A group of Indigenous people have sent a letter to the Science Museum Group (SMG) calling on its leadership to listen to Indigenous peoples’ concerns about its new sponsorship deal with Adani Green Energy, whose parent company Adani Group is a major operator of coal mines and coal-fired power stations in India, Indonesia and Australia.
The letter states:
‘Indigenous communities in all these countries are bearing the brunt of Adani’s destructive coal expansion activities, experiencing land-grabs, repression, the destruction of sacred lands, pollution of air, land and water and, of course, the worsening impacts of climate change exacerbated by burning coal.’
The letter has been prompted by SMG director Ian Blatchford’s recent dismissal of Indigenous concerns and experiences on BBC Radio 4’s Front Row, following the announcement that Adani Green Energy would be sponsoring the Science Museum’s new energy gallery, opening in 2023.
The letter is signed by:
- representatives of Indigenous communities resisting Adani’s coal operations in India and Australia: Phillip Kujur, Adivasi Activist Forum for Indigenous Rights, Jharkhand, India and Adrian Burragubba, spokesperson for the Wangan and Jagalingou Family Council and senior cultural custodian, Australia
- a representative of Indigenous communities across the Pacific at the forefront of climate impacts: Joseph Zane Sikulu, Pacific Climate Warriors
- an organisation in Indonesia directly supporting Indigenous communities on Bunyu island which is being heavily mined by Adani: Siti Maimunah, Jatam, Indonesia
The letter states:
‘To defend Adani’s controversial business operations in this way, and to dismiss the concerns of Indigenous peoples, is completely unacceptable for any publicly funded institution, and particularly concerning coming from a museum of science. When Indigenous peoples approach the museum with deeply held concerns that their rights are being violated by one of its partners, they must be respected, listened to and acted upon, not dismissed as exaggerated and untrue.’
It goes on to call on the museum:
‘to respect Indigenous rights and listen to Indigenous peoples on this issue – we are the experts on what is happening on our lands. And, based on the experiences of Indigenous peoples around the world, we call on you to end your relationship with Adani, and with all companies actively extracting fossil fuels.’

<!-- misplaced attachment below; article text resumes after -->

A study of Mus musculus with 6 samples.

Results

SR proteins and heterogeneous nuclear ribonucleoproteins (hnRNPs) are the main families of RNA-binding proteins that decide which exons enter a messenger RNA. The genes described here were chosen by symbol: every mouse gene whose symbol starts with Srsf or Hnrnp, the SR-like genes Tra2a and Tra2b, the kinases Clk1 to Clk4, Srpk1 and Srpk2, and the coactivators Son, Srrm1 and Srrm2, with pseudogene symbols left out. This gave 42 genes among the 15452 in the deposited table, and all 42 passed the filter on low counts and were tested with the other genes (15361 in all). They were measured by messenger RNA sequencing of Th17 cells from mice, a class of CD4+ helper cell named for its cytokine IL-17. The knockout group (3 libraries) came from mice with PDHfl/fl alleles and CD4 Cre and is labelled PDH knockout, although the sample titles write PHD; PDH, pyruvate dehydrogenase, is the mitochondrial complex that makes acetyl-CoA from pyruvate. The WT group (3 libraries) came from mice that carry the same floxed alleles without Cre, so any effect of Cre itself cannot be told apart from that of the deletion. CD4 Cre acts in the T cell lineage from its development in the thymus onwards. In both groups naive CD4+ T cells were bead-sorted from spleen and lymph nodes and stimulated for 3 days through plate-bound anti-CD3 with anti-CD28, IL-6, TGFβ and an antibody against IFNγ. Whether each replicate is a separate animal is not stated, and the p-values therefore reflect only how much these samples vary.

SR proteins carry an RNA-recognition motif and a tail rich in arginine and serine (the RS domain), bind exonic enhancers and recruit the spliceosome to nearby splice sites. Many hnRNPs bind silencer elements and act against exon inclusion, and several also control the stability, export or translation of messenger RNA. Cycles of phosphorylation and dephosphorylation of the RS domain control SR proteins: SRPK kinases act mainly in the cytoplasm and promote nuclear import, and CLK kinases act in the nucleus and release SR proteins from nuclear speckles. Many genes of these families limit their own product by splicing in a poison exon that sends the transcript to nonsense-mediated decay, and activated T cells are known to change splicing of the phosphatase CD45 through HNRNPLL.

Phillip Kujur from the Adivasi Activist Forum for Indigenous Rights Jharkhand in India says in the letter:
‘Adani is destroying our indigenous agricultural lands by setting up their power plant in Godda, Jharkhand, India, for which coal is being planned to be brought from Australia. Our rights are being violated for setting up this plant. Adani has also acquired through auction new coal blocks in Gondulpara, Jharkhand, where there is strong resistance from the people against mining. Adani is a threat to our indigenous identity, existence and ways of life.’
Adrian Burragubba is spokesperson for the Wangan and Jagalingou Family Council and senior cultural custodian. His concerns about Adani’s Carmichael mine, being built on Wangan and Jagalingou traditional land, were dismissed by Ian Blatchford on Front Row. He says in the letter:
‘The Science Museum should be respecting the fundamental human rights of Indigenous peoples. Instead, director Ian Blatchford has dismissed us and chosen to support Adani, a company that is destroying our land and violating our rights. Every step of the way, Adani has used lies and deception to persecute my people, interfere in our decision making processes, and undermine our rights to self-determination…Adani’s corporate behaviour is in clear violation of human rights, not only of Indigenous people in Australia, but Indigenous people all around the world. Adani works to shut Indigenous people up, to criminalise us, and bankrupt us.’
The letter follows the museum’s controversial announcement in October that Adani Green Energy – a subsidiary of Adani Group which is heavily involved in coal production – will sponsor its new ‘Energy Revolution’ Gallery. Since then two of the SMG’s trustees have resigned from the Board of Trustees over its stance on fossil fuel sponsorship and, as one of them, Dr Hannah Fry explained in The Times, its unwillingness to engage with “reasonable voices calling for change”.
Last month, 60 leading scientists and museum contributors – including former chair of the IPCC Sir Bob Watson, former Co-Director of the Grantham Institute Prof Joanna Haigh, and Chair of Biochemistry of Solar Energy at Imperial and Fellow of the Royal Society Prof Alfred William Rutherford – committed ‘not to work with’ the Science Museum Group (SMG) until it announces a moratorium on accepting fossil fuel funding.
On the same day, Channel 4 News revealed that the Science Museum’s sponsorship contract with Adani Green Energy includes a “gagging clause” identical to one signed with the oil giant Shell earlier this year, which triggered a major backlash among the scientific community. Documents released following a Freedom of Information Act request (FOIA) also suggest that the new sponsorship deal was negotiated with the parent company the Adani Group – which is heavily involved in coal expansion on Indigenous lands in India, Indonesia and Australia – which also provided specific guidance to the museum’s Director on how to counter criticism of its Carmichael mine.